Saturday, February 6, 2010

Greased Mania

This is a bit of a timed writing. I've got about an hour before I have to pick my wife up at the airport, so off I go, into the wild unconscious...

Read Ryan Christman's account (what he's posted so far at of his initial realization and diagnosis of bipolar disorder. Very good read, well presented and riveting. Do check it out.

I found a lot of similarities to my own experience in his words-- the all encompassing, grandiose thoughts that are so compelling, so utterly super-logical that they explain away the most erudite fact. It's thrilling, really, and terrifying at the same time. Thinking you have all the answers in an exhilarating brief moment, that you've figured it all out, only to find yourself groping for what it was you had been actually thinking about...

My first experience with mania and non-drug-induced psychotic thinking (there were some LSD trips that certainly covered this territory) was after a vacation to Greece. I started to come apart mentally towards the end of our trip. I hadn't been sleeping well, as I had a head cold come on part way through the trip. That and my thoughts started racing as I took in the scenery and culture and had extreme fun with friends old and new. I was having the time of my life, and I almost didn't want to come home. I certainly didn't want it to end.

We had traveled to the island of Samos, a relatively small island near the coast of Turkey. It had been home to Pythagorus, that really smart dude who invented the theorem and all.

We spent about a week on Samos, doing touristy stuff like shopping at all the markets along the water, visiting beaches and fishing towns, taking hikes to secluded beaches, and even lounging at the hotel pool and bar.

One day we got up early and went to catch a boat that would take us to Turkey. Several cruise ships were docked at the same place where our small craft with about 80 people landed. We got off the boat and made the trek by bus to Ephesus to visit the ruins of an ancient civilization.

We had to fight the heat-- it was at least 100 degrees-- but it was pleasant, venturing into the former city, walking along what used to be streets teaming with markets and activity, and seeing what was left of what had been built so many thousands of years ago. There was a library and an ampitheater, and also pointed out to me was a mural of a soldier, with sword and shield, being confronted by a pen with a large quill. Depicting, of course, that the pen is mightier than the sword.

Had to get my picture with that.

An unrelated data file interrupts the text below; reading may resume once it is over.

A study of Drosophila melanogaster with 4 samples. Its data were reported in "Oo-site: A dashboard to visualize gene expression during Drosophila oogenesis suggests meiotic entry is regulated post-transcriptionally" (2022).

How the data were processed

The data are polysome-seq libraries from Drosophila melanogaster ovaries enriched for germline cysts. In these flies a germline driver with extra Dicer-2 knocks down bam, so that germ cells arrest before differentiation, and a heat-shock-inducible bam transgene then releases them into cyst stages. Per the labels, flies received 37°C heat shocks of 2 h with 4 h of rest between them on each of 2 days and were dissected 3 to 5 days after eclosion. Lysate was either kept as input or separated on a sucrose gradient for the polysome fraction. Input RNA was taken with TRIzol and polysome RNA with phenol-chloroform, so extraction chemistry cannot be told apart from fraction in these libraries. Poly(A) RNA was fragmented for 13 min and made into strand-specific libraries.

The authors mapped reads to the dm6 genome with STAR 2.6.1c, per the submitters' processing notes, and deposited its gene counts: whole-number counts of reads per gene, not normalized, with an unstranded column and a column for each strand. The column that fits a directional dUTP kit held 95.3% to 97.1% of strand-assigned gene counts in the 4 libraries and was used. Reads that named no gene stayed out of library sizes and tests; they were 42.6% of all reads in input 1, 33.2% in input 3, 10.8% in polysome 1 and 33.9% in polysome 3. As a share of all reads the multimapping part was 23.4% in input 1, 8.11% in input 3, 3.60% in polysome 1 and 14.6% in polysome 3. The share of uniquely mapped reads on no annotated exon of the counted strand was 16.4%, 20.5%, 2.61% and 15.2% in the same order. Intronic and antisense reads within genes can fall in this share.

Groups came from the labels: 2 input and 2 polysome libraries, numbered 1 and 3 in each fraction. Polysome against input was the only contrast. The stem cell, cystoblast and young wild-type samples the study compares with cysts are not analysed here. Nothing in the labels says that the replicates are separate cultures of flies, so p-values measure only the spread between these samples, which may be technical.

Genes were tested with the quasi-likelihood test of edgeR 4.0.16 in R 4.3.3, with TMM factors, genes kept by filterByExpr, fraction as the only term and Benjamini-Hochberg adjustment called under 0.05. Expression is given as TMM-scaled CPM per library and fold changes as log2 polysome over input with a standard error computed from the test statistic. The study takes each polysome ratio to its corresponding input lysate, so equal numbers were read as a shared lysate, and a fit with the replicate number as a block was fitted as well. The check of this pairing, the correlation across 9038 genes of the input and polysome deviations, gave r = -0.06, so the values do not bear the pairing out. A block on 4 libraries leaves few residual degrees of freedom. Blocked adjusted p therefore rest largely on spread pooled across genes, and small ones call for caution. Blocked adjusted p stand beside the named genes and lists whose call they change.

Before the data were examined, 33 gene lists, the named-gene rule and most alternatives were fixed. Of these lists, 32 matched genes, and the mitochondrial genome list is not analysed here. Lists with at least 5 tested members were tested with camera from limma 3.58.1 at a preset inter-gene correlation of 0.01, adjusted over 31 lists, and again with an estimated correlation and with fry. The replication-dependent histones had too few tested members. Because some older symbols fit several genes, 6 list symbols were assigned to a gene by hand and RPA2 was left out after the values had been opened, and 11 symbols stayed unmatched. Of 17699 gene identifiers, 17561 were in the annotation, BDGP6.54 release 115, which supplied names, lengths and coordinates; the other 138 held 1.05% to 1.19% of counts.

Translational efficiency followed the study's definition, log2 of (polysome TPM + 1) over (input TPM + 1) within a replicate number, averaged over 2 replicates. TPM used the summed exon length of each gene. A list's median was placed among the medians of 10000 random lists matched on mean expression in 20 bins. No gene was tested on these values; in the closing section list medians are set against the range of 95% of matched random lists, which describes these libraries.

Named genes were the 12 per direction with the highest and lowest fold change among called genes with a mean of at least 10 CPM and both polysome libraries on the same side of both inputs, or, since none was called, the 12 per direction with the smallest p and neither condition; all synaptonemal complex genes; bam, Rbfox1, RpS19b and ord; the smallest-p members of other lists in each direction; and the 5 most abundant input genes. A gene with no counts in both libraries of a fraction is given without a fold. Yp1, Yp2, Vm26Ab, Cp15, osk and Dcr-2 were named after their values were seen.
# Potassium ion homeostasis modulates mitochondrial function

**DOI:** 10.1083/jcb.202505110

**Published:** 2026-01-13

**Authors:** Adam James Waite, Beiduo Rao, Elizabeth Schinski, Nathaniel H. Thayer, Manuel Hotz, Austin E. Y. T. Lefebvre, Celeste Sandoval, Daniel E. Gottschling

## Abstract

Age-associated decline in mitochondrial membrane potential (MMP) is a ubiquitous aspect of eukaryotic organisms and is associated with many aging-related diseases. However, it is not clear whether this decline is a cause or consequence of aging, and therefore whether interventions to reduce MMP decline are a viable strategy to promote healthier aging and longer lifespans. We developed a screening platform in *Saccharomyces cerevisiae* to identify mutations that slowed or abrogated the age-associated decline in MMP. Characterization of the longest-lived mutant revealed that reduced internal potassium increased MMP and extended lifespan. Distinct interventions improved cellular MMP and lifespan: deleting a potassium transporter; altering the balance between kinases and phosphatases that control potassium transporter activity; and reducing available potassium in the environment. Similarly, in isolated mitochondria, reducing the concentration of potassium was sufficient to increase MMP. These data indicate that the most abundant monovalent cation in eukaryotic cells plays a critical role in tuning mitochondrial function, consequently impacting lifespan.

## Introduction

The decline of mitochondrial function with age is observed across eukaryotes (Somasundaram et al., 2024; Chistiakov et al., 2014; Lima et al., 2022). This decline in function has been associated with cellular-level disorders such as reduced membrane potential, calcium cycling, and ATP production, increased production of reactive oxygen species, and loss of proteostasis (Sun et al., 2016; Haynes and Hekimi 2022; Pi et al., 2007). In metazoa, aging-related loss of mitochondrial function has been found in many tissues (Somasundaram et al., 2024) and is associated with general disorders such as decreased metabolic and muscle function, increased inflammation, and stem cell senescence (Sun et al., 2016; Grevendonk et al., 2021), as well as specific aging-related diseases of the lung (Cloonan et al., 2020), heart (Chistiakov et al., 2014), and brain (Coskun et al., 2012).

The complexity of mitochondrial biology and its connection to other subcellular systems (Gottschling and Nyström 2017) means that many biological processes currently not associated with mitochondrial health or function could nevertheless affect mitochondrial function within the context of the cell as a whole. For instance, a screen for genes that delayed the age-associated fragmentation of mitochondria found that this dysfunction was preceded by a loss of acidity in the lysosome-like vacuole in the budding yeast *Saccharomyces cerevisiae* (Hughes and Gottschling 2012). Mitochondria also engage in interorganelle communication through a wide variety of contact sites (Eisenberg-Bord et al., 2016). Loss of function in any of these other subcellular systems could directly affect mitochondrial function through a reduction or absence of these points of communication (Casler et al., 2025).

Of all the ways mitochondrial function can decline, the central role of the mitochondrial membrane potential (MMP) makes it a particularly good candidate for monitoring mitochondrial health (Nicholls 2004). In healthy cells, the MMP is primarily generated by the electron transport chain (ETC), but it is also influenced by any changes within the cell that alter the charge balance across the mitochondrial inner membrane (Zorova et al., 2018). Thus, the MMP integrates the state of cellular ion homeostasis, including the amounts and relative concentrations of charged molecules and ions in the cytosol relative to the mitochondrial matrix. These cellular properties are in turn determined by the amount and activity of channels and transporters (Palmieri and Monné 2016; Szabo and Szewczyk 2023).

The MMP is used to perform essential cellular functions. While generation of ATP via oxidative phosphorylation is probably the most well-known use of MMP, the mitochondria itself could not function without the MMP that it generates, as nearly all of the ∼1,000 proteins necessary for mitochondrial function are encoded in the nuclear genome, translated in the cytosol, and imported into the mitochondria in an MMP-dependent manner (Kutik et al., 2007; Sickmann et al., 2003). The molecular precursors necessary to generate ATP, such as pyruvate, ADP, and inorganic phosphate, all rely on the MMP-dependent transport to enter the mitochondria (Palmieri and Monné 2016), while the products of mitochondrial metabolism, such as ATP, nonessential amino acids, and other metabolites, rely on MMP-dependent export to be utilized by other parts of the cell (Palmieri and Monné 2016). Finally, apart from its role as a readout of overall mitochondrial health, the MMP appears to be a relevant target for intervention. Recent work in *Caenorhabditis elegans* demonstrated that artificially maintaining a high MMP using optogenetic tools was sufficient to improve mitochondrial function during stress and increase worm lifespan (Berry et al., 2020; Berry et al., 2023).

After touring Ephesus, we were fed a fair meal and then taken to a room full of salesmen who would try their best to sell us as many hand woven rugs as we could arrange to have shipped away from Turkey. We watched as carpet after carpet was unrolled, and each displayed remarkable beauty and craftsmanship. But we weren't about to buy a rug.

As we left the room, we had to snake our way between all of the salesmen that were cued up to make sales. They were almost menacing with their stares, ready to take advantage of any guilt we might be feeling for being shown such amazing carpets and surely being given the greatest deals on the planet.

One of the more savvy travelers (and shoppers) from our group hung back and asked to see the highest quality rugs that they hadn't shown yet. She had a hunch that the best were saved for the more discretionary connoisseur. We got to hear her story at dinner that night, about how she had coaxed them into sharing with her the Tree of Life rugs that are extremely rare and special. She had purchased some and had regarded them as an exceptional find.

After the "rug show" we opted to check out the shops nearer to the boat and dock, so that we could easily make our way back to the boat on time. The shops catered to tourists and had lots of knick-knacks and trinkets, as well as film and batteries and other stuff you tend to need when you're a tourist. But it was fun going from shop to shop and talking with the locals, as much as you were able through the language barrier. Most of the shop clerks knew some English, and we had fun looking around at things.

What we didn't do was go with a group that went quickly to view what is purported to be Mary's final resting place. There wasn't enough room in the cab for both my wife and I, and we didn't want to spend the money for a cab for just two of us, so we stayed near the dock. Someone who went did get some holy water for my wife to give to her mother when we got back. My wife would actually use the holy water on me later, while I was having my psychotic manic episode. She didn't know what else to do.

The boat ride back to Samos was a lot rougher than the ride out in the morning. There was a lot more wind, and so the waves were bounding and rocking the boat up and down. I learned that I don't get seasick very easily, but I watched some others in our group struggle with it. I sat down just below the captain's windshield and had a great conversation with Dr. Garcia, one of the friends of the family we were touring with. I wish there were some way to go back and record the conversation, because my recollection is that it was a very good one, but I don't remember specifics much at all. We laughed a little, but mostly we were exchanging ideas and concepts at a highly intellectual level. It felt good, and I remember it as being rejuvenating, and confidence building.

My confidence and very self-concept would be shattered just a few short days later.


Gerri said...

Interesting reading. I can't wait for the next chapter.

Gerri said...

I just finished reading "Deep Blue Calm", or at least as much as was on the website. What a great read...very insightful. I plan to go to the bookstore and buy the book as soon as I can get my hands on it. I read his mission statement, too, and I think it is wonderful that he wants to help everyone understand this illness.